Bill Kaelin

Bill Kaelin: Atlanta’s LGBT community deserves respect

This year marks my 20th anniversary living in Atlanta. I moved here the summer before the Olympics, and I can still remember the uncertainty this Midwestern boy had before moving to the “dirty South.” I was a Northerner with some stereotypical images of the South, and I was newly out of the closet.

I had some fears walking into my new adventure. I wondered if I would be welcomed with open arms or would wake up one morning with burning crosses in my front yard.

Surprisingly, I walked right into one of the biggest, most vibrant, out and open gay communities in the country. In 1995, Midtown was a much different place from now. Locally owned hot spots like Urban Coffee Bungalow and Outwrite Bookstore were my neighbors long before all the Starbucks arose, and it seemed the only people living in Midtown were artists, progressives, the homeless and the gays. I can still remember the first day I arrived in Atlanta and drove down Piedmont through Cheshire Bridge and saw it lined with rainbow flags. I immediately felt safe, at home and for the first time in my life: empowered.

Our community’s vision, money and support are what have made Midtown and Atlanta what they are today. I have grown up a lot since those early days and it’s been fun to watch our city expand and evolve along with me, but when our state government starts proposing anti-LGBT legislation, it makes me want to withdraw all my cash and move out for good.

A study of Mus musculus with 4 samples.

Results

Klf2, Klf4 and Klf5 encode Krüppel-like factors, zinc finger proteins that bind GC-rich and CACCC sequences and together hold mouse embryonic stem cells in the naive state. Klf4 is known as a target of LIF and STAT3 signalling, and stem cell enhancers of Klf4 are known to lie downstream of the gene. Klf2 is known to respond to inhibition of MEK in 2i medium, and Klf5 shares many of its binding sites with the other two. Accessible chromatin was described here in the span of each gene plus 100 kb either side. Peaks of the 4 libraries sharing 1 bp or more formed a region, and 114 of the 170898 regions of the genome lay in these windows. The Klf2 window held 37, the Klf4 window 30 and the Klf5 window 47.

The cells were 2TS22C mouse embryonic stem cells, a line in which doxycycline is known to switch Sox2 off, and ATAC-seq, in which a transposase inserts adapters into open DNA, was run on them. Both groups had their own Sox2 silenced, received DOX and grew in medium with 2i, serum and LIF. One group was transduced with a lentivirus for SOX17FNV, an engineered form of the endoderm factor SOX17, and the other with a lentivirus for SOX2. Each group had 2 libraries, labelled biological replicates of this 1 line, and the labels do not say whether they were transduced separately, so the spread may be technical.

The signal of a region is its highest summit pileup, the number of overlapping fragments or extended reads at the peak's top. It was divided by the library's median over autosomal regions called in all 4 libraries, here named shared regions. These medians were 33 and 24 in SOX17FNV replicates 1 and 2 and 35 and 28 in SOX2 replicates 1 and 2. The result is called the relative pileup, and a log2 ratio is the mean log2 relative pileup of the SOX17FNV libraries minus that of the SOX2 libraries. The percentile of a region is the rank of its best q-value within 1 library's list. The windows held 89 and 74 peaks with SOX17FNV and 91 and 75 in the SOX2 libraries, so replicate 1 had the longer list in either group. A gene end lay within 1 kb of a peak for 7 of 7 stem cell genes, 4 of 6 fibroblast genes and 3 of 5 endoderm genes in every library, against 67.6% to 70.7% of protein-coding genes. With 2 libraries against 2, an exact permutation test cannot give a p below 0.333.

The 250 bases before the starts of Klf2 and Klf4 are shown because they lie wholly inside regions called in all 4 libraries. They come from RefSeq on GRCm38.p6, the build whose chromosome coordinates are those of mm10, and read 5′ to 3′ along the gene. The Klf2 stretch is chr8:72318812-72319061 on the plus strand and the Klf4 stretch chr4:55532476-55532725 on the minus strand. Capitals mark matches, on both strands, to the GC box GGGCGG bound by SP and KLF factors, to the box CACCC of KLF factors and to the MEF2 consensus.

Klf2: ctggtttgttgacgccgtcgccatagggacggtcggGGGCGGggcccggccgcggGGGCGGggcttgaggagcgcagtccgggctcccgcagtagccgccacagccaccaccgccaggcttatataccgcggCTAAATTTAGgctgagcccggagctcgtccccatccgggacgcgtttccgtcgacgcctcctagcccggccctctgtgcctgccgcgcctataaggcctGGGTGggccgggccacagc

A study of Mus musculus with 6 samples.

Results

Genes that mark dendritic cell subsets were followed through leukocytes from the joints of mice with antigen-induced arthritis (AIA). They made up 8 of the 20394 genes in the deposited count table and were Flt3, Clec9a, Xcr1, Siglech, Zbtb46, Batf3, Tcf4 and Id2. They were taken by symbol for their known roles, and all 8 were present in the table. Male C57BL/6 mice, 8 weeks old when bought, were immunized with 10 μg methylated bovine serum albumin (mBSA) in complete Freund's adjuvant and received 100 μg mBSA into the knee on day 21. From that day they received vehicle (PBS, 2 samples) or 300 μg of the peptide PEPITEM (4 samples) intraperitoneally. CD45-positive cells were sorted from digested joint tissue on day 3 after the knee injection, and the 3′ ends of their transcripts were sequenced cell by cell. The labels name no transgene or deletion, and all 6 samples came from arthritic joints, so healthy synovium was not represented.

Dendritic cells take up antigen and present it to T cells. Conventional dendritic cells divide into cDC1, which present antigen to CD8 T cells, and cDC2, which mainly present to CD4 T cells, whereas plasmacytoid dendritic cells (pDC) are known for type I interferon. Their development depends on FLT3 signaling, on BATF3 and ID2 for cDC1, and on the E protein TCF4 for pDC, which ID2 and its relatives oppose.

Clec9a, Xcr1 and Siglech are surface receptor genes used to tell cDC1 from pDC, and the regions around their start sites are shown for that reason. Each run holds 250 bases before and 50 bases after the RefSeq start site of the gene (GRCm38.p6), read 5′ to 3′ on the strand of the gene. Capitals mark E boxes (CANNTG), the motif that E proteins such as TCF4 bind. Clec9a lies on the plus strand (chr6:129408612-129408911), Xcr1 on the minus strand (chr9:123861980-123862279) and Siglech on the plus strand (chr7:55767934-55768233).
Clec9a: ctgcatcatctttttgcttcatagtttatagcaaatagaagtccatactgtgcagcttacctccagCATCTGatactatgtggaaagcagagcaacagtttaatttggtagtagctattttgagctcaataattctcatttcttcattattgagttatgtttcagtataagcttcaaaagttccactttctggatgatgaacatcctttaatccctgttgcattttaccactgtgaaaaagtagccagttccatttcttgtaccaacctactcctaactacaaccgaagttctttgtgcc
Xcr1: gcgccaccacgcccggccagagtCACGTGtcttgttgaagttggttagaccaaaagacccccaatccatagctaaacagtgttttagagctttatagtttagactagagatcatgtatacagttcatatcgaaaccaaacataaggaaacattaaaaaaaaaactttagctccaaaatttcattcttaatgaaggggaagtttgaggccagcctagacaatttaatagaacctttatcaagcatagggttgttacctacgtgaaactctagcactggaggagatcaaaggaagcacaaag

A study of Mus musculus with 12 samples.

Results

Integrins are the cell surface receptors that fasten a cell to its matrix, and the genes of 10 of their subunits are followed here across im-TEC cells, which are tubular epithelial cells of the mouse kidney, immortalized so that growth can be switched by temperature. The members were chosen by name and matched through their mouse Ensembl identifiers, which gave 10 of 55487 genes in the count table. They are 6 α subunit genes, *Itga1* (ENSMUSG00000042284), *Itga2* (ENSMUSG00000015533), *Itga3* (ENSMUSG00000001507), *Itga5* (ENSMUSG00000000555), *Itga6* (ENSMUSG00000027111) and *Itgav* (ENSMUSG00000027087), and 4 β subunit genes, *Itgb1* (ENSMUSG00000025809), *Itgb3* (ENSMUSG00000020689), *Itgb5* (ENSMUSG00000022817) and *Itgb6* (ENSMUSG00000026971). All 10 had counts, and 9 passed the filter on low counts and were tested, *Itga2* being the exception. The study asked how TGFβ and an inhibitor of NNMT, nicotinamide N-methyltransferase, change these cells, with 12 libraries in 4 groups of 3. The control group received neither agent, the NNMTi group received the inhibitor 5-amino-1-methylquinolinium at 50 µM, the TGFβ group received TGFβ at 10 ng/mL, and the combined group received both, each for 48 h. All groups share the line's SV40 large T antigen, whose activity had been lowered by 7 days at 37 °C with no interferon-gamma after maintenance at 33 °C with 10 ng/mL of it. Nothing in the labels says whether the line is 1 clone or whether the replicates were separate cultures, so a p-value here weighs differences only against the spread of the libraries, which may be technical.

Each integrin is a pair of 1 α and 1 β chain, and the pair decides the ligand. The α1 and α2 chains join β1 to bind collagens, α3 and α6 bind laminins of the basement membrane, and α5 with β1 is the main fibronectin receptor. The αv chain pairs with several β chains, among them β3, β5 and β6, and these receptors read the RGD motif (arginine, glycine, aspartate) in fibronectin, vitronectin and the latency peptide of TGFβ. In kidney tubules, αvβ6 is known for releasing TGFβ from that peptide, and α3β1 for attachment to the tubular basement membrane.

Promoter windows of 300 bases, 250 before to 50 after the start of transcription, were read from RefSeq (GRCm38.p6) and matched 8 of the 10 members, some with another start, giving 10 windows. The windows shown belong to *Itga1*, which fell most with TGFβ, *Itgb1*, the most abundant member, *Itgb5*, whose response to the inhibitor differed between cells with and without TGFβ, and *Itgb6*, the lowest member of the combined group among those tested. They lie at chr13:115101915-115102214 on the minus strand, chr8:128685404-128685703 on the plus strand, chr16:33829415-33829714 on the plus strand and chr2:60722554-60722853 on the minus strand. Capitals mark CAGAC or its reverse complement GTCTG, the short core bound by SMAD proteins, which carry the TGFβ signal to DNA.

The LGBT community has a long history of turning undesirable neighborhoods into vibrant, thriving areas. Don’t we deserve some respect and thanks for making Atlanta one of the most desirable places in the country to live?

I often pitch Atlanta to my friends who live in other places. I am proud that we are the home of my idol, Dr. Martin Luther King Jr., and that we have rolling hills and winding roads that are covered with a natural canopy of trees. We have the luxury of getting to enjoy all four seasons, but with the nicest of them lasting the longest. We are only an hour away from the Blue Ridge Mountains, four hours from the beach, and have the world’s busiest airport that allows us to escape to cities all over the world. Our art, entertainment and food scenes rival any world-class city and revitalization projects like the Atlanta Beltline and Ponce City Market are connecting dozens of different neighborhoods like never before. The LGBT community has helped build all of these things that have made us the unofficial Capital Of The South, so why are we constantly fighting to be respected?

Didn’t our state government officials learn anything from last year’s Indiana “Religious Freedom” debacle? Maybe they should be reminded that they should never bite the hands that have been feeding our local economy for years or we might just bite back. I never thought I would have stayed here as long as I have,but Atlanta has become home. I know I have been very good to this city and she has been good to me. I just wish our government leaders would return the respect, back off, and say thank you to our community for helping to make Atlanta what it is today.